UK News | Published: | Last Updated:

The devastating blast in the city’s port on Tuesday is now known to have killed more than 150 people and destroyed large parts of the city.

Beirut explosion

The impact of the Beirut explosion can be seen six miles from the epicentre of the blast, according to one British aid worker.

The devastating blast in the city’s port on Tuesday is now known to have killed more than 150 people and destroyed large parts of the city.

British charity Saraid (Search and Rescue Assistance in Disasters) has been working in the city for several days,  trying to find survivors and evaluate the structural safety of buildings hit by the blast.

One of Saraid’s volunteers, Rob Davis, 49, described the epicentre of the explosion as “completely devastated, a huge amount of damage”, but the effects can also be seen further out of the city.

He told the PA news agency: “The area of affected property is massive

“If I can give you some indication of the scale of the effect of the blast, my base of operations is 10km (6.2 miles) from the port, the windows in my base have been affected by the blast.

A firefighter by trade, volunteer Mr Davis added: “I’m 10km from the port – from the epicentre of this explosion  – and my hotel, it’s not structurally damaged, but the fabrication of it is damaged.”

Mr Davis said there are “various levels of damage” across communities in Beirut, but Saraid workers are liaising with local agencies to check buildings and rank them as safe or unsafe, to “try and get some sense of normality back to the communities of Beirut”.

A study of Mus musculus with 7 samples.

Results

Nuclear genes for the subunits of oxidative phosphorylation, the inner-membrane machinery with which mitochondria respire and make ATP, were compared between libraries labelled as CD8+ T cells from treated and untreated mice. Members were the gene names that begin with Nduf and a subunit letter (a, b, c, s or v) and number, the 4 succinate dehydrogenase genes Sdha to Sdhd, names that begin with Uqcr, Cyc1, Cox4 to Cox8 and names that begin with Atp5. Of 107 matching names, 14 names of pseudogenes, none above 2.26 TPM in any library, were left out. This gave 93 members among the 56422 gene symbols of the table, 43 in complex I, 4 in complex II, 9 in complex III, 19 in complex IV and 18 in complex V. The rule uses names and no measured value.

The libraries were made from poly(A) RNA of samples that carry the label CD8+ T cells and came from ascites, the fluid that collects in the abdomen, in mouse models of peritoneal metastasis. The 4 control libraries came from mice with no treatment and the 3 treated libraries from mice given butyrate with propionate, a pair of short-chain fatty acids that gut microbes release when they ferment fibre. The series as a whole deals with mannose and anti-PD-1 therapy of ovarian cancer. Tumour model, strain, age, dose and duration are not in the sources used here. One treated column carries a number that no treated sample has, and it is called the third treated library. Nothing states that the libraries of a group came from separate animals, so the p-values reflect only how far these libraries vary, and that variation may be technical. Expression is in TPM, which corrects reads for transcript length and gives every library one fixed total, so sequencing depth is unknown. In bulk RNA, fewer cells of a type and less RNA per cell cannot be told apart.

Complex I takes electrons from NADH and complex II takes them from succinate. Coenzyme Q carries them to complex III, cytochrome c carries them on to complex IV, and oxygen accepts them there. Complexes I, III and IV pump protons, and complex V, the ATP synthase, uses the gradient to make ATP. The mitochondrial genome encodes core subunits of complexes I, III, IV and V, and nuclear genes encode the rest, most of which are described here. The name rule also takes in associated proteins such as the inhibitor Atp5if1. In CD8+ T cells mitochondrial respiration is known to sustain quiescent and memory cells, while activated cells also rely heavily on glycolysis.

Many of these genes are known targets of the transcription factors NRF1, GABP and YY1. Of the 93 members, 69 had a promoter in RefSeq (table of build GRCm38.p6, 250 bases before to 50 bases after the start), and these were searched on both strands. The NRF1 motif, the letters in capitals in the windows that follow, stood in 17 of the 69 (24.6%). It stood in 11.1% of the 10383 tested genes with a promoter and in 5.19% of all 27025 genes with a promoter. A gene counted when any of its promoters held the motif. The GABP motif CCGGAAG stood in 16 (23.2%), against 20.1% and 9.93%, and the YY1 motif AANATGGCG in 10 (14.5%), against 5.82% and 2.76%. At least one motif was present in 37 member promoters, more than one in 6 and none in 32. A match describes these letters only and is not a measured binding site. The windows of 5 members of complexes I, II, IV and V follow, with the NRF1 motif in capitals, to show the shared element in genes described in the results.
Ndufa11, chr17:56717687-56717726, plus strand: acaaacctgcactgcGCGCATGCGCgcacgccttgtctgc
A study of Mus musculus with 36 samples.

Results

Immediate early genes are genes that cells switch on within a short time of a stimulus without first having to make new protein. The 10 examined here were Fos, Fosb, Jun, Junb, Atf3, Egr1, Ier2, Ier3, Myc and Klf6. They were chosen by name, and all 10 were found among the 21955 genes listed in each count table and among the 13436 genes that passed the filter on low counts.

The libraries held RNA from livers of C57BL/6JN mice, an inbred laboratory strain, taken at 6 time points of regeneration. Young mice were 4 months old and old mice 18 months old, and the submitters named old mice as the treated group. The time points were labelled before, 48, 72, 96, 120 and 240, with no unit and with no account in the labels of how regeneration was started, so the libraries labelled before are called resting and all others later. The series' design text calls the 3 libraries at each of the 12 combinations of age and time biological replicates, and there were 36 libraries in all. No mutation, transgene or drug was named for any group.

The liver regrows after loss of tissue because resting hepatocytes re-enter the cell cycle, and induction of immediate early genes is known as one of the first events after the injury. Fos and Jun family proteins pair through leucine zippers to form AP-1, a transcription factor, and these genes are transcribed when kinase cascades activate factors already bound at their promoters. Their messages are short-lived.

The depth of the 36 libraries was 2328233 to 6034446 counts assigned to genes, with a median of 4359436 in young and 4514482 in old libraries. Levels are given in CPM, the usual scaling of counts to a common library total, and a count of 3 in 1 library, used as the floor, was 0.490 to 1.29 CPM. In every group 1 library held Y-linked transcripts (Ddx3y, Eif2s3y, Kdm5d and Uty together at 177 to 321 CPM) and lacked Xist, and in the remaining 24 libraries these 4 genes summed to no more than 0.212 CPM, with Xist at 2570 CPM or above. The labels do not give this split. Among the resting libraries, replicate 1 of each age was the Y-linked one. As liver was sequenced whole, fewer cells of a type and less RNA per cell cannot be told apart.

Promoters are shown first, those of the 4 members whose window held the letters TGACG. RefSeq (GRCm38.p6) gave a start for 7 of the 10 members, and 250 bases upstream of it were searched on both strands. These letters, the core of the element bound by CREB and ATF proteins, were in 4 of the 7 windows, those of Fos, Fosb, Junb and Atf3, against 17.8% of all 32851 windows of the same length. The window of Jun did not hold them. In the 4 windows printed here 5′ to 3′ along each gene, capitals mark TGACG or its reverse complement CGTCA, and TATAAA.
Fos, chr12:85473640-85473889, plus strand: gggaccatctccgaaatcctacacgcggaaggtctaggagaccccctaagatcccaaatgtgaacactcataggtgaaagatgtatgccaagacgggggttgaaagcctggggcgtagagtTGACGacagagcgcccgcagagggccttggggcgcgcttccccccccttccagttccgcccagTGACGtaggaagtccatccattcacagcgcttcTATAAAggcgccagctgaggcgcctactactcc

Saraid is a British charity that provides search and rescue personnel in response to disasters across the globe.

The voluntary organisation has helped in crises such as Hurricane Irma which hit the Caribbean in 2017, as well as earthquakes in Albania and Ecuador in 2019 and 2016 respectively.

Lebanon Explosion
Rescue team workers remove debris from the site of the explosion (Thibault Camus/AP/PA)


On Saturday, Boris Johnson told Lebanon’s president Michel Aoun the UK will “stand by the country in its hour of need”.

According to a No 10 spokesman, the Prime Minister also conveyed condolences from the Queen.

The spokesman said: “The two leaders discussed the urgent humanitarian, medical and reconstruction needs following the blast at Beirut Port and President Aoun thanked the UK for the support provided to date, including the release of £5 million in emergency funding and deployment of HMS Enterprise.

“With Lebanon facing threats from a financial crisis, coronavirus and the effects of this tragic blast, they agreed to work with international partners to ensure the country’s long-term recovery and rehabilitation.”